Trust is one of the cornerstones in successful alliances and partnerships. We build trust in many ways, for instance, we observe people’s behaviour and unconsciously it helps us to answer the question “Can I trust this person?” Similarly, we keep an unconscious eye on things like how one performs actions, lives up to commitments, and we assess if body language tells us the same as a person’s verbal language.
Usually trust is built and strengthened through personal meetings. Of course, email correspondence and phone or video calls help too, but meeting a person in real life always adds another dimension and accelerates trust-building.
So, how do you build trust in a remote environment?
My suggestion is to focus on these three elements:
Communication has always been important for alliances. Like I always say, it is about Communication, Communication, Communication and when you think you’ve communicated, communicate again! However, in a remote environment where many people are swamped with video calls, it is very easy to lose sight of your partners. Think how you can optimise the communication with your partners, it might require the use of different communication patterns and tools for different partners.
When consistency is missing it is almost impossible to manage an alliance and it leads to frustration amongst the partners. Success only happens when there is consistent behaviour from all the people and all the partners involved in an alliance. In a remote environment consistency will be closely aligned with communication. Consistency is about behaviour (for example, is a person living up to his/her promises?), and communication will be the carrier for your partner experiencing that consistency.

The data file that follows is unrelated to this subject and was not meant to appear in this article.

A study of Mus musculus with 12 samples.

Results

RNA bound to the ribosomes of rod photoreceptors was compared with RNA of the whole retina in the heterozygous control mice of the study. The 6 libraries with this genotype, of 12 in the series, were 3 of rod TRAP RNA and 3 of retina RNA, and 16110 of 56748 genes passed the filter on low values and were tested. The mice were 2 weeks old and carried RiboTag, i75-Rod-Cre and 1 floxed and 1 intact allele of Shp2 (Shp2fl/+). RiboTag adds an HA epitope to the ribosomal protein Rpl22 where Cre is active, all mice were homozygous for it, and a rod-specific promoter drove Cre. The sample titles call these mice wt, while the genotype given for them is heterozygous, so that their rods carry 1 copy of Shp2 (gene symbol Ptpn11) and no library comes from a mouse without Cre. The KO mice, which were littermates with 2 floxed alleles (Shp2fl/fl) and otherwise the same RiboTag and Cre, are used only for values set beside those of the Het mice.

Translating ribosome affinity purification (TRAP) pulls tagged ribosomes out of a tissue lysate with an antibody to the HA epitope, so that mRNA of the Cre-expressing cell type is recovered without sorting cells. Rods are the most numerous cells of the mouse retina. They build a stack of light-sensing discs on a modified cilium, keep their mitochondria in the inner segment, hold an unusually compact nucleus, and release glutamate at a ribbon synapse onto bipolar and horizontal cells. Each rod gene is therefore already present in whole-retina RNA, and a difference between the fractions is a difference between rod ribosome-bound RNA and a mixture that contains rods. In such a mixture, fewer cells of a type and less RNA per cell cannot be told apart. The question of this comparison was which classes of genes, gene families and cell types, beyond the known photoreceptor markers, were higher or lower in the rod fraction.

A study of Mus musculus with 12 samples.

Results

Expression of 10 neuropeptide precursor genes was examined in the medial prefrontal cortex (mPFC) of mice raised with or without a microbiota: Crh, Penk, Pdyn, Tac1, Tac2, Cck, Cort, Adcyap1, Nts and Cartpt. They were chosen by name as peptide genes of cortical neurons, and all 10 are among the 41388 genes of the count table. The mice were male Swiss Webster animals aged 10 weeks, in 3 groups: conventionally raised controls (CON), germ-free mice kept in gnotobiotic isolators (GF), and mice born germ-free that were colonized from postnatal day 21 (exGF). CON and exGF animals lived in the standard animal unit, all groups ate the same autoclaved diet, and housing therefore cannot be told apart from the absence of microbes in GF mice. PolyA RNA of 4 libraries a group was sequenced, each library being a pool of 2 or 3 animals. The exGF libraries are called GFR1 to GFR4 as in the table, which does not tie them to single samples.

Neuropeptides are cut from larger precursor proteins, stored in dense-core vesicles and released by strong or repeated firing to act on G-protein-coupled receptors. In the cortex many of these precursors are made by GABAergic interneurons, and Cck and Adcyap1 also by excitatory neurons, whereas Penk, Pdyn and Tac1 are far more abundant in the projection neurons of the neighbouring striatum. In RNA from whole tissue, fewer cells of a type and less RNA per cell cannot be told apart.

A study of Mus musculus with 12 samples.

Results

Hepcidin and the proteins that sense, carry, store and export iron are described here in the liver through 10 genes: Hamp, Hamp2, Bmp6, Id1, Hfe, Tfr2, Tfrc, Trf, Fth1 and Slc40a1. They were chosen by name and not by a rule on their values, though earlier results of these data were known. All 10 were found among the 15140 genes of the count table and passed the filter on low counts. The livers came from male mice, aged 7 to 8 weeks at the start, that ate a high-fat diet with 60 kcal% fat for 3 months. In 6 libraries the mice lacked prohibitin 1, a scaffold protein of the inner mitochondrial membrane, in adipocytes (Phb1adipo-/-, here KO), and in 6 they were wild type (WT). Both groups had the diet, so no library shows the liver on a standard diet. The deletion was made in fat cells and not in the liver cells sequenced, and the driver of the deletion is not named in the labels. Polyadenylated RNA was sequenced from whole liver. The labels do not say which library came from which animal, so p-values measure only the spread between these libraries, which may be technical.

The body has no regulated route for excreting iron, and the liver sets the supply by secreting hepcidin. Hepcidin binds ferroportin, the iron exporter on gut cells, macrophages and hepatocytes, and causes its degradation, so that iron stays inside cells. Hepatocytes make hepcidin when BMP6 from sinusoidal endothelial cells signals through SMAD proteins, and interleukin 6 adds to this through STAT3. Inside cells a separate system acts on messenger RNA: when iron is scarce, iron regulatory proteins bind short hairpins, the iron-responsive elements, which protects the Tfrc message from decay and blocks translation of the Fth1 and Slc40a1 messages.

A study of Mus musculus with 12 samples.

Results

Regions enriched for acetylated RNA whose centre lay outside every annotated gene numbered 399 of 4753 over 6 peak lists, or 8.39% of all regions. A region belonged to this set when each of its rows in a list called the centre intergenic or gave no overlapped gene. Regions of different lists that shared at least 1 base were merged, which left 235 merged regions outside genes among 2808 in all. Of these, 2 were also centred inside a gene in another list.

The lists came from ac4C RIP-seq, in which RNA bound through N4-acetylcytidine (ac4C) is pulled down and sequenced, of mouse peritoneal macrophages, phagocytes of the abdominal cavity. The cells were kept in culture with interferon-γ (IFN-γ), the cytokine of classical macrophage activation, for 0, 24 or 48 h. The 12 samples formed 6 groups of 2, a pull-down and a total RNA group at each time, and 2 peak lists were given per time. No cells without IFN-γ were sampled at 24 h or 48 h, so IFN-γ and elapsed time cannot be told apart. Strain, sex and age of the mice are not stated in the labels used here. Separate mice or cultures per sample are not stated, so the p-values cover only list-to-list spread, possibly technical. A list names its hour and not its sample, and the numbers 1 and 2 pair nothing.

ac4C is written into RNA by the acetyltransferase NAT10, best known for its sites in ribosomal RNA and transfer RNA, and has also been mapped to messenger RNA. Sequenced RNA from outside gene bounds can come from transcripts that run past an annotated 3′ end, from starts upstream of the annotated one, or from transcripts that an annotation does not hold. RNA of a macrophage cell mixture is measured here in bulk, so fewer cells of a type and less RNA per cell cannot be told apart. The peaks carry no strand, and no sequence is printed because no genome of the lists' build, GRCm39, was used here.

Alliances are created between organisations and driven to success by the people involved. It is important to get to know the person behind your contact. That’s not about his role or education, it is about showing interest in one’s personal life. Be curious during your video calls, ask questions about what you see or hear. I’ve had, for instance, conversations about dogs, bicycles and airplane parts attached to a wall! I’ve also discussed cooking and home improvement projects. It helps to know the person behind your counterpart and what drives them!
Curiosity helps to build a relationship and will make your communication and consistency easier. All together, these three pointers will help you to build and maintain trust.
Additional sources about Trust:
- BCG and St. Gallen Symposium jointly created an interesting white paper with focus on trust building within organisations.
- Read the book “The Culture Map”* by Erin Meyer and learn about the cultural nuances a.o. in trust building.
- Learn about the Trust Equation from TrustedAvisor.
- Read the book “Trusted Leader”* by David Horsager and learn about 8 leadership behaviors that help to build and maintain trust.